Businesses Advised To Walk Away

By: Mike Shedlock | Fri, Feb 15, 2008

In a nutshell I made a case that "business is business" and yes, I encourage people to walk away now if they are going to be forced to do it later anyway. I also encourage people to walk away if they are hugely underwater on their homes.

Banks knowingly and willingly gave homeowners a free PUT option when they financed homes at zero percent down. It's just a business decision. Businesses break contracts all the time.

In the "moral Obligations" post I also claimed there would be a national referendum on walking away. A few days later an ABC Poll showed that US citizens decided that walking away from Iraq was the single most important thing we could do economically for the country.

The masses have finally caught on and that is one reason why I declared Obama: The Next President Of The United States.

Walking Away Retail Style

In Does The Shopping Center Economic Model Work? we took a look at trends in retail. Consider what Rob Plaza, Senior Equity Analyst for retail stocks at Zacks Investment Research said two days ago:

"Some companies are closing stores to increase profitability, some are doing it just to stay alive. A lot of retailers already had their plans for 2008 laid out, had already invested in signed leases, ground-breakings, pre-opening, etc, so they couldn't just stop those new stores on a dime. Looking back on that, they're going to wish they had just walked away and paid whatever it would have cost them to stop the process. ..... For the next decade, retailers are not going to have to open a brand new store because there's going to be so many empty ones that need to be filled."

The interesting thing from the morality standpoint is that some stores are walking away, not to stay in business but to increase profitability. Others wished they walked away right during construction to say costs. Are such decisions morality issues or business decisions?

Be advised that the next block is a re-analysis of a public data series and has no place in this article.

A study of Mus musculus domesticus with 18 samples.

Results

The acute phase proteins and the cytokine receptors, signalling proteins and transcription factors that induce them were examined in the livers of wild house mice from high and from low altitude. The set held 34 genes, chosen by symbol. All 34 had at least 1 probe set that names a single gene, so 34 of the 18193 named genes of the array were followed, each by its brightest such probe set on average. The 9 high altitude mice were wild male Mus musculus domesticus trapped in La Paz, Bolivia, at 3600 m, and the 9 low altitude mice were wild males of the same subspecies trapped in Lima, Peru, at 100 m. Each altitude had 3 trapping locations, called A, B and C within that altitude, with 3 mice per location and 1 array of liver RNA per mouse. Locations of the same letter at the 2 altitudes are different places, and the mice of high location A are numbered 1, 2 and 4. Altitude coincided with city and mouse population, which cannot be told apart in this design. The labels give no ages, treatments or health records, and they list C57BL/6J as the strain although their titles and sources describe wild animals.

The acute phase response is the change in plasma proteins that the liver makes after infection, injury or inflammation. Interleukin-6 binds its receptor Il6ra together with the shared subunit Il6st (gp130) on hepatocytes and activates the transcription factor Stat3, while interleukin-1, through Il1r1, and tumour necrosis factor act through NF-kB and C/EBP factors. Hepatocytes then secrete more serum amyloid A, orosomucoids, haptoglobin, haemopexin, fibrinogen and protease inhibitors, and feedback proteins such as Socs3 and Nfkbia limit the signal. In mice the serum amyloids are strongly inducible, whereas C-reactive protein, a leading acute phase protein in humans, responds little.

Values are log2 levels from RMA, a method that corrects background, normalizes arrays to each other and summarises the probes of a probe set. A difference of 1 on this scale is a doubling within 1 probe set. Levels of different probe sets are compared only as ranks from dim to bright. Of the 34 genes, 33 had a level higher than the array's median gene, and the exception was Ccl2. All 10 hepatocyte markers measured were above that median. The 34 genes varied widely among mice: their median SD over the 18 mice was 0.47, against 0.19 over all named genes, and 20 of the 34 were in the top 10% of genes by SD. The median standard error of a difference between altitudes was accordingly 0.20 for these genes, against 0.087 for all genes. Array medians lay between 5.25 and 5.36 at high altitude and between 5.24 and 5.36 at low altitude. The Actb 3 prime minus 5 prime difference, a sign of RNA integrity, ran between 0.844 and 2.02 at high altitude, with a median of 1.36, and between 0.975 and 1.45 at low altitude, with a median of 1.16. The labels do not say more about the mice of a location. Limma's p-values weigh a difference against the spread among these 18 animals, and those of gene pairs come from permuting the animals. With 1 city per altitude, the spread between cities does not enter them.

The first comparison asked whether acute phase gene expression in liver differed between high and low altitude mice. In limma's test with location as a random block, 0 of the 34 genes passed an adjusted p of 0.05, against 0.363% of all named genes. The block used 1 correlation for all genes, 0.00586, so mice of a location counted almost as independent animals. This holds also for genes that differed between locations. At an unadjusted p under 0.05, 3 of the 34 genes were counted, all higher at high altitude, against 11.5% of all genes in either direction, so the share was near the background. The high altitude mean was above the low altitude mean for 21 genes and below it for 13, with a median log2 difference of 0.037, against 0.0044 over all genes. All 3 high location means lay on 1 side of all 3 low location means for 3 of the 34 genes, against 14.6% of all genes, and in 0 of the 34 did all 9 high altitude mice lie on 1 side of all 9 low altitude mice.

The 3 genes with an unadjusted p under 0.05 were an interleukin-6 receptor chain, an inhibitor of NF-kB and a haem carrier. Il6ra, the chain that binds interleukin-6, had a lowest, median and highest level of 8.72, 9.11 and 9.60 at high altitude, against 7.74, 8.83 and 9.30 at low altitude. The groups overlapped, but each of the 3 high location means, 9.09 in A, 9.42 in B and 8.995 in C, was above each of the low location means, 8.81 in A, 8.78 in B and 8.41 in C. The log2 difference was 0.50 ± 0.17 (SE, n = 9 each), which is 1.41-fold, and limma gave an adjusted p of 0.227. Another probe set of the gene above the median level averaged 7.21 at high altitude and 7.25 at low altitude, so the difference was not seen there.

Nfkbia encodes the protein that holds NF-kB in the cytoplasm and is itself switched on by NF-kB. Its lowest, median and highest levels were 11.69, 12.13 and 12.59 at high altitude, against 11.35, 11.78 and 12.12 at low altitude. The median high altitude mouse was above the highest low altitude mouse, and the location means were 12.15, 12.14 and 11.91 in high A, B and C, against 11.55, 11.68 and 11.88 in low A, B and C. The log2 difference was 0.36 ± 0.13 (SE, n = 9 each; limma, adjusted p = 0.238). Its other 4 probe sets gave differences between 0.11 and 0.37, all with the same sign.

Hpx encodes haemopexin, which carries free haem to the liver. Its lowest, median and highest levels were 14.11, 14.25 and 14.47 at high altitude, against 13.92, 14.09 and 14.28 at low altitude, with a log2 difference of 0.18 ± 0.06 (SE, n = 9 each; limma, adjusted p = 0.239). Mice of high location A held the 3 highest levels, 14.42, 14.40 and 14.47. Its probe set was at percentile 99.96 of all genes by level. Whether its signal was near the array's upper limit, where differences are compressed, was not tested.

Wilson's Leather Walks Away From 160 Stores

"Sandi", one of my readers, sent me a note this morning that Wilsons Leather will close up to 160 mall locations.

Wilsons The Leather Experts Inc. will close the majority of its 260 mall locations and cut more than 1,000 jobs, the clothing retailer said Friday.

Wilsons will keep 100 stores open, revamping them under a "Studio" concept focused on fashion accessories for women. All stores should be remodeled by August.

About 938 store-related jobs and 64 positions at the company's corporate headquarters, overseas offices and distribution center in Brooklyn Park, Minn., will be cut.

Clearly Wilson's Leather had contractual agreements on all those leases. Is there a morality issue here when they just walk away like that?

Banks advised to walk away from big deals

Today, the Financial Times is reporting Banks advised to walk away from big deals.

Leading banks are being advised that it would be cheaper to walk away from big buy-out deals than incur further losses on their funding commitments, increasing the chances that more high-profile private equity transactions will collapse.

This advice from lawyers contrasts with the conventional wisdom that banks would risk serious damage to their reputations if they were to drop out of deals.

But legal advisers argue that the break-up fees banks would owe in such cases would be far lower than the write-downs they would have to make on their loans, given the current cataclysmic conditions in the capital markets.

"It is the tipping point argument," said a senior partner at one of the biggest private equity firms, who asked not to be named. "The banks have so many issues with their balance sheets that they are considering a new policy."

Oh! The Morality!

Note the irony. Numerous programs are being put into place in an attempt by banks and mortgage holders to encourage home owners to stay debt slaves forever, while lawyers are advising banks to walk away from contracts and pay the penalty of loss of reputation.

Exactly how does this differ from homeowners choosing to walk away from their obligations with a price of "loss in reputation" otherwise known as a black mark on their credit score?

Here's the answer: There is no difference, and that is precisely why all these programs to keep homeowners in their homes when it is a bad economic decision for them to stay, will fail.

"It is the tipping point argument," said a senior partner at one of the biggest private equity firms, who asked not to be named said Mish, who was willing to be named. "The banks Consumers have so many issues with their balance sheets that they are considering a new policy."

If it's in your best interest to walk, and you are willing to pay the penalty price, then walk.



Mike Shedlock

Author: Mike Shedlock


Michael "Mish" Shedlock is a registered investment advisor representative for SitkaPacific Capital Management. Visit to learn more about wealth management for investors seeking strong performance with low volatility.